Posted Jan. 09, 2017, at 9:07 a.m.
Last modified Jan. 09, 2017, at 10:41 a.m.

When family goes to visit a loved one in a county jail, they likely won’t be brought into a room where they can share a hug or gentle touch. Instead, they will be brought into a room with a video screen where they can see their son or daughter but not offer the comfort and connection that comes with sitting down face-to-face. Two Bridges Regional Jail in Wiscasset was the first county jail in Maine to exclusively offer video visitation, while the Hancock County Jail in Ellsworth is in the process of making the switch.

The policies around visitation vary from county to county because county officials make policy decisions in isolation, and the Maine Department of Corrections policies apply only to state prisons. These policies can be put in place without any state oversight because legislators in 2015 voted to repeal a 2007 law that consolidated operations of the county jails under the Maine Board of Corrections, returning control to the counties.

When given the chance for a contact visit, one may physically sit with a loved one, rather than be in separate rooms divided by a glass wall or screen. Jail officials in Hancock County pitched the switch to video visitation in part as a way to reduce contraband entering the jail, but eliminating contact visits has failed to stop the flow of drugs in county jails. In Travis County, Texas, where jail officials replaced contact visits with video visits in 2013, disciplinary cases for possessing contraband rose 56 percent in the first year after the switch, according to a 2014 study by the Grassroots Leadership and the Texas Criminal Justice Coalition.

The benefits of contact visits far outweigh any potential risks: in-person contact with loved ones stabilizes mental health for people who are incarcerated, and encourages them to make better choices. And mental health in our jails and prisons is a major concern because almost two-thirds of inmates in county jails are diagnosed with a mental health disorder, according to the U.S. Bureau of Justice Statistics.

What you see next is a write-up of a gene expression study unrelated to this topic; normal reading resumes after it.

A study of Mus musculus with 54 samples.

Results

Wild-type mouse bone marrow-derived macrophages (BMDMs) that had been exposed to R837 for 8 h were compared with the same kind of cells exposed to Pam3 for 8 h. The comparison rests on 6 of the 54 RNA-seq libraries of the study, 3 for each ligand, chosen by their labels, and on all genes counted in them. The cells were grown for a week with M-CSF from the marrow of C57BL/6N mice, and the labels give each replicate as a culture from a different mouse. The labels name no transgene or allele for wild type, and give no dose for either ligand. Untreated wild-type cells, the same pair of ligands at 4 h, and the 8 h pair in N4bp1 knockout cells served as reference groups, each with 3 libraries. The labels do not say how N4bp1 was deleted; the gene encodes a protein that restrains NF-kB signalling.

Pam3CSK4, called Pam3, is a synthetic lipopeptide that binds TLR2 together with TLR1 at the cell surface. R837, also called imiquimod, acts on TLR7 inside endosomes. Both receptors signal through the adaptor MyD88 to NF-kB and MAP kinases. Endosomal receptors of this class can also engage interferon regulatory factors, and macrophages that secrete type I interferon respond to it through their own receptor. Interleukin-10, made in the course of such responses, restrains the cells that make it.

The role that human touch plays in supporting one’s mental health has been well-documented. “Social scientists have shown in many studies over the years that supportive touch can have good outcomes in a number of different realms,” according to a 2010 NPR article, and the negative effects of video visitation have been documented as well. When Travis County ended contact visits, inmate-on-inmate violence and disciplinary infractions rose.

A video visit is clearly not the same as a contact visit. Not only is it important to consider the needs of the person that is incarcerated; how about the approximately 20,000 Maine children who have a parent incarcerated in a prison or jail? Why is it OK to take the affection away from these children? During the long dark days of Maine’s winter, they need to know their parents care about them, and their parents want to feel their children’s love. But in Maine county jails, there is less and less opportunity for vital connection. This is very concerning.

We can look to the Minnesota Department of Corrections for guidance. They issued a report in 2011 on the effects of visitation on recidivism that states that “decades of research indicate that visits from family improve institutional behavior and lower the likelihood of recidivism for inmates.”

Many Mainers drive hours to visit their loved ones in jail. Being restricted to a video visit feels like the ultimate dismissal to everyone involved, and it does nothing to help those convicted feel more human and humane. Imagine being a child who’s been counting on hugging his dad, only to have that wish denied without warning.

Most inmates will eventually be released into society. Don’t we want them to come back to our communities with their faith and respect for other humans intact? I urge Maine to make the right choice: standardize, stabilize and widen contact visits—not reduce them—in county jails.

Joelle Bouchard is a member of the Maine Prisoner Advocacy Coalition. She lives in Bangor.